Guilty verdict for 'payback' attack

By Hana Garrett-Walker

File photo / NZ Herald
File photo / NZ Herald

A man who kidnapped and beat a friend, before the victim was taken to a home-made torture chamber, has been found guilty of the attack.

Peter Moore has been on trial at the Wellington District Court this week after he pleaded not guilty to kidnapping Samuel Smyth and injuring with intent to injure.

A jury of 12 this afternoon returned a guilty verdict to both charges.

Moore was remanded in custody for sentencing next month.

In summing up the case this morning, Crown prosecutor Alice McCubbin-Howell said on the night of May 22 last year Moore and another man, Tristan Joseph Thompson, went to the Wainuiomata Rugby Football Club where they approached Mr Smyth.

Thompson wrapped a scarf around Mr Smyth's neck and led him to Moore's car, she said.

The pair then bundled him into the vehicle and drove him to Moore's house.

For two and a half hours they subjected him to a "prolonged assault'' which involved kicking and punching.

Ms McCubbin-Howell said Mr Smyth considered Moore and Thompson his friends, and Moore had let Mr Smyth live at his place.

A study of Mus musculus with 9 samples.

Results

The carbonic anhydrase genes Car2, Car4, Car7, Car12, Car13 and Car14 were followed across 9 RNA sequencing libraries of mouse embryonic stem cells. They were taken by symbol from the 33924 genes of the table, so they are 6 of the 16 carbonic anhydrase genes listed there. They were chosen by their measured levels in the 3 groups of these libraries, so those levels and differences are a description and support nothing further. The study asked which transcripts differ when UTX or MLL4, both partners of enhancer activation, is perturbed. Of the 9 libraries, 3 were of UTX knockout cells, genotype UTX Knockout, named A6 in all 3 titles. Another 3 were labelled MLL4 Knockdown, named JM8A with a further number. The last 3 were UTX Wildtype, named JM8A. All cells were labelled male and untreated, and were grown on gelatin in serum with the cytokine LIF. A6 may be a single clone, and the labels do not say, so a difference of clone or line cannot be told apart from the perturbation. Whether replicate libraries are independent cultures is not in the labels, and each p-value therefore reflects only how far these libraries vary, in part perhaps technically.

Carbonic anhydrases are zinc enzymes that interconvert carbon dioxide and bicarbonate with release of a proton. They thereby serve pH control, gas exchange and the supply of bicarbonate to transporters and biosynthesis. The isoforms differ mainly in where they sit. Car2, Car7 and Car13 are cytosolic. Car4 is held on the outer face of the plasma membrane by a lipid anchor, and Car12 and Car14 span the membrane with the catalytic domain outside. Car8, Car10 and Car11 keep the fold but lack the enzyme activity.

But Moore "was angry'' because Mr Smyth owed almost $500 in rent and stole property, including marijuana.

"He wanted payback and he wanted to punish Mr Smyth. He wanted to hurt him.''

Thompson also thought Mr Smyth had broken into his house.

Thompson has pleaded guilty to his involvement, which also included leading Mr Smyth to a makeshift torture chamber at his house the next morning.

Thompson and another man then allegedly used weapons including razor blades, screwdrivers, hammers, vice grips, a blow torch and darts to cut into the victim's skin.

Moore was not charged in relation to this incident.

In summing up for Moore's defence, lawyer Keith Jefferies said Moore admitted he assaulted Mr Smyth, but a charge of injuring with intent to injure was too elevated.

"The level of assault that Mr Moore committed against Mr Smyth is probably what you see every day or every weekend at a rugby match in New Zealand. It's the sort of thing you get a yellow card for.''

If Moore had been charged with assault he would have pleaded guilty, Mr Jefferies said.

He said Thompson was a sinister person and the "atrocities'' he committed against Mr Smyth were done when no one else was around.

Mr Smyth never said that Moore assaulted him and Moore was adamant that he did not kick Mr Smyth, Mr Jefferies said.

He said Mr Smyth initially did not want to get into the car, but then agreed to it.

"It's not a real kidnapping.''

Moore said he just wanted to find out why Mr Smyth had betrayed him.